Doxil Approved for Refractory Metastatic Ovarian Cancer

ROCKVILLE, Md—Doxil (doxorubicin HCl liposome injection, ALZA Corporation) has won accelerated FDA approval of its supplemental New Drug Application for the treatment of metastatic ovarian cancer refractory to both paclitaxel (Taxol)- and platinum-based chemotherapy regimens. Accelerated approval requires the company to conduct additional research to demonstrate that the drug is associated with clinical benefit. Doxil, a liposomal formulation of doxorubicin, is currently approved for use in AIDS-related Kaposi’s sarcoma.

In its presentation to the Oncology Drugs Advisory Committee (ODAC) only 3 weeks before approval was granted, ALZA provided data from four studies in support of its application—three phase II trials, two completed and one ongoing, and an ongoing phase III trial.

According to the FDA, study 30-22 (involving 27 eligible patients with refractory ovarian cancer, treated at two US sites) showed a response rate of 22.2%. Study 30-47 (82 eligible patients treated at 18 US sites) produced a response rate of 17.1%. Study 30-47E, still in progress with 52 patients at 14 centers in Europe, found no responses among 36 patients.

Finally, an interim analysis of study 30-49, comparing Doxil with topotecan (Hycamtin) in 237 patients at 90 sites in the United States and Europe, showed a Doxil response rate of 13.6% (6 of 44 patients) vs 8.1% (3 of 37) for topotecan.

The combined Doxil response rate for the four studies was 13.8% (26 of 189 patients), according to the FDA. This was slightly lower than the 14.4% rate claimed by the company. Duration of response across the trials was 39.4 weeks, and time to progression was 15.9 weeks, according to ALZA.

At the ODAC meeting, several members expressed puzzlement about the zero response rate in study 30-47E, the ongoing phase II European trial. The company said several factors indicate that patients in that trial may have been sicker, which could account for the nonresponse.

“The sum total of major disease at baseline was somewhat larger, and patients spent a shorter amount of time on trial,” said Edward Schnipper, MD, ALZA’s vice president for Clinical Research. “It appears possible that patients on this trial entered at a later state of their disease and were treated for shorter periods of time than were patient on the other Doxil trials.”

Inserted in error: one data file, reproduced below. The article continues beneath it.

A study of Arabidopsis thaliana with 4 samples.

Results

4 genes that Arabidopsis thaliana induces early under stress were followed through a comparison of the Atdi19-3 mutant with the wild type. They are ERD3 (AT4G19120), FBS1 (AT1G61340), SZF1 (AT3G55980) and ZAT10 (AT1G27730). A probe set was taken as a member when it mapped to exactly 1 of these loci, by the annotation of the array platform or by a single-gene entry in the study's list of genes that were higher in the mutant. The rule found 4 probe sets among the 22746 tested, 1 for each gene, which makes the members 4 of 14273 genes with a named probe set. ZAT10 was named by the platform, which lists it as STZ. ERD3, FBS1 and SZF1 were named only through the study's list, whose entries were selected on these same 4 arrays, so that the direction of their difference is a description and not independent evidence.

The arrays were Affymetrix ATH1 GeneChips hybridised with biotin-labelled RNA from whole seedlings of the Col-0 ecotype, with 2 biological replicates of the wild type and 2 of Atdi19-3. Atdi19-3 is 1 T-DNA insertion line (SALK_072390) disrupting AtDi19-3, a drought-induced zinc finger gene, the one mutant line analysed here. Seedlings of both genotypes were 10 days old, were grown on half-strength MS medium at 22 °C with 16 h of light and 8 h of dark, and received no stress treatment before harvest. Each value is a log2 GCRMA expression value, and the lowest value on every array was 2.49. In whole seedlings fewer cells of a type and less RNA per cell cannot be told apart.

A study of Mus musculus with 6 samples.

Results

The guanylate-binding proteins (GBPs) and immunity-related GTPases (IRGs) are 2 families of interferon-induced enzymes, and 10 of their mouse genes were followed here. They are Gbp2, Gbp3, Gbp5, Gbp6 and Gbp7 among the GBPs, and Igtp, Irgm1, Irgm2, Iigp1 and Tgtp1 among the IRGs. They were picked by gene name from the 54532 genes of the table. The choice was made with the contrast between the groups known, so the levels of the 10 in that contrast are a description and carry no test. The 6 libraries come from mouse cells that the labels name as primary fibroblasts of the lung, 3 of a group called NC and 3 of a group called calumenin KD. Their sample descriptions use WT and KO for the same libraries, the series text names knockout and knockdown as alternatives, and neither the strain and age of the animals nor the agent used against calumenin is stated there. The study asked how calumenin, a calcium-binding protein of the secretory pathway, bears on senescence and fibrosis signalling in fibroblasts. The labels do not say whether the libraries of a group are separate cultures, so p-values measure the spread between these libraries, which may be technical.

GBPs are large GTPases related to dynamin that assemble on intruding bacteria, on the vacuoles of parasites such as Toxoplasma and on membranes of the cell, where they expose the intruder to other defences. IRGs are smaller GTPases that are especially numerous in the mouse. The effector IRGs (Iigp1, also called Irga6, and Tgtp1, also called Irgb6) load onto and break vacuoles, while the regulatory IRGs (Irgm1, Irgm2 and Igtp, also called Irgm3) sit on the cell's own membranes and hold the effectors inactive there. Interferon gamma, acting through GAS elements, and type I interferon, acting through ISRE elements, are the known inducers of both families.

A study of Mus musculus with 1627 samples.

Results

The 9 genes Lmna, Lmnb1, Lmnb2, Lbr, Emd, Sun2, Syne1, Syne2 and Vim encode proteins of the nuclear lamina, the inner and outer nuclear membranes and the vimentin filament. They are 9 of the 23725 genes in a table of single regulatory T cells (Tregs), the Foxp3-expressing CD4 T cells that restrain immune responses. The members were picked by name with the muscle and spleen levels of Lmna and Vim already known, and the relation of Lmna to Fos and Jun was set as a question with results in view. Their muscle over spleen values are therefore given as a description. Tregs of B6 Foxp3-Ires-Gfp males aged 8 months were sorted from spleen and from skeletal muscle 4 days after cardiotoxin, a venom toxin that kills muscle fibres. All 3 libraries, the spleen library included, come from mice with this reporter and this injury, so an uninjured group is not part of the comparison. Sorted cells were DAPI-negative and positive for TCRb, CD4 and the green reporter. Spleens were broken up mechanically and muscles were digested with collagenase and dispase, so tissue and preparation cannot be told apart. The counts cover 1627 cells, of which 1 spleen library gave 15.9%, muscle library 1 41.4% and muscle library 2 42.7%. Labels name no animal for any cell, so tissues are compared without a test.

ALZA’s data presentation did not satisfy patient representative Martha Solonche of New York City. “From a patient’s perspective, we’re looking at survival, and I don’t think we have enough data at the moment to see this as a drug that is going to advance treatment in a great way,” Ms. Solonche said.

Two dosage schedules were used in the trials presented by ALZA: every 3 weeks in trial 30-22 and every 4 weeks in the other three. Due to higher toxicity with the every-3-week regimen, ALZA requested that the FDA consider only the every-4-week regimen.

Generally Well Tolerated

In its safety analysis, FDA staff limited its review to study 30-47, which was the one completed study that used the every-4-week schedule. It found the following: hand-foot syndrome, 42%/20% severe; asthenia, 42%/9%; leukopenia, 39%/7%; anemia, 39%/14%; nausea, 38%/7%; neutropenia, 37%/16%; stomatitis, 35%/9%.

“We would submit that Doxil is generally well tolerated,” Ken Cunningham, MD, vice president for European Clinical Research, said in summing up ALZA’s safety presentation. “Hand-foot syndrome is the most common adverse event, and it is manageable, as evidenced by the relatively low number of patients who actually withdrew as a result.”

Stacy R. Nerenstone, MD, of the Gray Cancer Center, Hartford, commended the sponsor “for looking at this patient population, which notoriously has been clinically underrepresented in clinical trials in terms of drug development. I think, for this carefully defined population, the 13% response rate is meaningful.”